By Robert McGowan
The following quotes are a few I have selected from a book titled, “The 2,548 Best Things Anybody Ever Said,” copyright by Robert Byrne.
I thought you would be interested in the following, for your own references. (I will omit quotes.)
Life is like playing a violin in public and learning the instrument as one goes on. —Samuel Butler (1835-1912).
I’m not afraid to die, I just don’t want to be there when it happens. — Woody Allen.
Egotist: A person … more interested in himself than in me. — Ambrose Bierce (1842-1910).
It is now quite lawful for a Catholic woman to avoid pregnancy by a resort to mathematics, though she is still forbidden to resort to physics or chemistry. — H. L. Mencken (1880-1956).
Familiarity breeds attempt. — Good Ace (1899-1982).
It is better to be a coward for a minute than dead for the rest of your life. — Irish proverb.
One of the worst things that can happen in life is to win a bet on a horse at an early age. — Danny McGoorty (1901-1970).
A government which robs Peter to pay Paul can always depend on the support of Paul. — George Bernard Shaw (1856-1950).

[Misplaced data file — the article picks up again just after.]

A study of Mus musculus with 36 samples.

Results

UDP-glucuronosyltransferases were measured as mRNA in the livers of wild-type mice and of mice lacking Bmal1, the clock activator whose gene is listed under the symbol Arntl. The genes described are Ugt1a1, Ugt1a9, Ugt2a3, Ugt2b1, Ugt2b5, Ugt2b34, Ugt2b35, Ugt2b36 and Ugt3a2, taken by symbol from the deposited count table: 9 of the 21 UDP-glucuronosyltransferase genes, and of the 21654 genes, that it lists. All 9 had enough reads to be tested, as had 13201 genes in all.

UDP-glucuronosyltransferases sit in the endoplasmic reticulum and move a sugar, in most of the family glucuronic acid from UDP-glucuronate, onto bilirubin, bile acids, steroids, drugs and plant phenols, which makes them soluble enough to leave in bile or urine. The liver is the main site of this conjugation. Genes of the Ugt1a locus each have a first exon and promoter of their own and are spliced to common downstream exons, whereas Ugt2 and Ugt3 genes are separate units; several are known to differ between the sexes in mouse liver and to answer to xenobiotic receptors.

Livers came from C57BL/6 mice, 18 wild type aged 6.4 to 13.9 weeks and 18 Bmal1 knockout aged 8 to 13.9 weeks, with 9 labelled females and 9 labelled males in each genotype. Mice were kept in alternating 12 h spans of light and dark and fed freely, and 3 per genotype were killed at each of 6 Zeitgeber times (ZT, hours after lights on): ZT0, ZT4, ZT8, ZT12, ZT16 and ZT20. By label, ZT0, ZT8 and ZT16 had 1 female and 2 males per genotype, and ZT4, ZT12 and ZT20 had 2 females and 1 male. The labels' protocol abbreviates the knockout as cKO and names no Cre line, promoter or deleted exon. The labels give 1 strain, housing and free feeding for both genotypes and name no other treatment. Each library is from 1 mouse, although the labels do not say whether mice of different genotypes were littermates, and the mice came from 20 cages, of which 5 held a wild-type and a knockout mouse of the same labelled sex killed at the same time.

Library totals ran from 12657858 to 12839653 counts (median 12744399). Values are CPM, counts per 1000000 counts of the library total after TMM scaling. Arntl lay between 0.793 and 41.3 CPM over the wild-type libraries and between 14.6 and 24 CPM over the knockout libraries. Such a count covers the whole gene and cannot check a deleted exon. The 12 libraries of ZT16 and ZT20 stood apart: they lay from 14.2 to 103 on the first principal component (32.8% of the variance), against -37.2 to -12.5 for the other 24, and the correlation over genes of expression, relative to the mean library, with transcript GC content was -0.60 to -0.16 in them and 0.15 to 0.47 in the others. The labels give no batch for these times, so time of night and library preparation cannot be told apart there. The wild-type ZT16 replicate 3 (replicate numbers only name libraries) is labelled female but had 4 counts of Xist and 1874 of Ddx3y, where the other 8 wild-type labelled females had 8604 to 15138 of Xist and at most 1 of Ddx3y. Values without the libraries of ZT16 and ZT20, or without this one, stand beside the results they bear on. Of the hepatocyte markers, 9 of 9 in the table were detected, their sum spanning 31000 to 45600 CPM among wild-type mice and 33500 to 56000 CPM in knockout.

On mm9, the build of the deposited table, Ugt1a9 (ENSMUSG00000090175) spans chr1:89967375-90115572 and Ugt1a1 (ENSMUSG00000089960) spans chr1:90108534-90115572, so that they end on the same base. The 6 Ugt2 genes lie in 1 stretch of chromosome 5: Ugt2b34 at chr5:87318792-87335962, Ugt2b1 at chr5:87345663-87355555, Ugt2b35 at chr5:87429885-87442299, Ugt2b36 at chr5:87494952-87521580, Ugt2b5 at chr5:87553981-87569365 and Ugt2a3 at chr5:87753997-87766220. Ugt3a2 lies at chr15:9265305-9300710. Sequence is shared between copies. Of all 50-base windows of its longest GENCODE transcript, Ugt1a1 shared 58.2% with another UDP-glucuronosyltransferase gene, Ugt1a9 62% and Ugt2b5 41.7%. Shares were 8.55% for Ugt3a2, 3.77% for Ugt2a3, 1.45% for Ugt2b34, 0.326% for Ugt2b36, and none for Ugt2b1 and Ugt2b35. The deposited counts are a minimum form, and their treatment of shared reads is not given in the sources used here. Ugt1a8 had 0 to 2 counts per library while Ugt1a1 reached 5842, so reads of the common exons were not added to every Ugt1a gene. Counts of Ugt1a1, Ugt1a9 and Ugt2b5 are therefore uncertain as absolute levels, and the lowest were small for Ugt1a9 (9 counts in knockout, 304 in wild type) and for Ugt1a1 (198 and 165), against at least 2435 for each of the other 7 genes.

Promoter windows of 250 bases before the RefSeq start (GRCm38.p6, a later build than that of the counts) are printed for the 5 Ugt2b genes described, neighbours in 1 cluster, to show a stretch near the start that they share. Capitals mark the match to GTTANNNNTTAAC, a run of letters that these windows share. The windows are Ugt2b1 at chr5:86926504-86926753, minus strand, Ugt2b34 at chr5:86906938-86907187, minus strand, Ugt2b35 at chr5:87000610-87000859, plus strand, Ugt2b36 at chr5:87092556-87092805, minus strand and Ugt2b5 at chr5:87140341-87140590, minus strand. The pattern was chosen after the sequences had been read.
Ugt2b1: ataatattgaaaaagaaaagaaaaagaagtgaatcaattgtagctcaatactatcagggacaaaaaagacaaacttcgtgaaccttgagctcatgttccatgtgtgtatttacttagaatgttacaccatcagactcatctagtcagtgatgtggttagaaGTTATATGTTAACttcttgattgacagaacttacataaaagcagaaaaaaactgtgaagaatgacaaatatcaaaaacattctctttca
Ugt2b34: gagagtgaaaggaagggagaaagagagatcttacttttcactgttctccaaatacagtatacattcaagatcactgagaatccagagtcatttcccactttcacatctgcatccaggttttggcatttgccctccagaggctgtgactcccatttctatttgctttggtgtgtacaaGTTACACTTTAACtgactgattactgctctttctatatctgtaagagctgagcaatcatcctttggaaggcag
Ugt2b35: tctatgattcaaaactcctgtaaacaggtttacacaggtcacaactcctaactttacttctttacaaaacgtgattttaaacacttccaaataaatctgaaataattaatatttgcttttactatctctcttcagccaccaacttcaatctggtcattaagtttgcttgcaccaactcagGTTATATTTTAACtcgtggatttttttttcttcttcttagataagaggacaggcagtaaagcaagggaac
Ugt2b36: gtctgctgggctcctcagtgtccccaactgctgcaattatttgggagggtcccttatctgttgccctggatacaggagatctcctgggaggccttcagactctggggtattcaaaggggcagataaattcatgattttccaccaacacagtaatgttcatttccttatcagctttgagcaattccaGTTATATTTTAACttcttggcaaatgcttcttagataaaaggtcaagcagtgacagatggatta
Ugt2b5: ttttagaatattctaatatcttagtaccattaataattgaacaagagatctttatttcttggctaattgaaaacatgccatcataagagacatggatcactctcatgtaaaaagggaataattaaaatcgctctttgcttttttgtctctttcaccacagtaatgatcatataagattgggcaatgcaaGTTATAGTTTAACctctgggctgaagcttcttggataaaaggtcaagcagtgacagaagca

Writing is easy. All you have to do is stare at a blank sheet of paper until drops of blood form on your forehead. — George Fowler (1850-1960).
Be careful about reading health books. You may die of a misprint. — Mark Twain (1835-1910).
I don’t know the key to success, but the key to failure is trying to please everybody. — Bill Cosby.
The important thing in acting is to be able to laugh and cry. If I have to cry, I think of my sex life. If I have to laugh, I think of my sex life. — Glenda Jackson.
I don’t care what is written about me so long as it isn’t true — Dorothy Parker (1893-1967).
It is easier to stay out than get out. — Mark Twain (1835-1910).
It was such a lovely day I thought it was a pity to get up. — Somerset Maugham (1874-1965).
Forgive your enemies, but never forget their names. — John F. Kennedy (1917-1963).
We don’t know a millionth of one percent about anything. — Thomas Alva Edison (1847-1931).
From birth to age 18, a girl needs good parents, from 18 to 35 she needs good looks, from 35 to 55 she needs a good personality, and from 55 on she needs cash. — Sophie Tucker (1884?-1966).
First secure an independent income then practice virtue. — Greek saying.
Talking with a man is like trying to saddle a cow. You work like hell, but what’s the point? — Gladys Upham
Everything I want is either illegal, immoral, or fattening. — Alexander Woolcott (1887-1943).
Come in, or we’ll both starve. — Sign in restaurant window.
Robert McGowan is a Bartlett resident and former professor of biology at the University of Memphis. Contact him at (901) 828-6039 or firstname.lastname@example.org.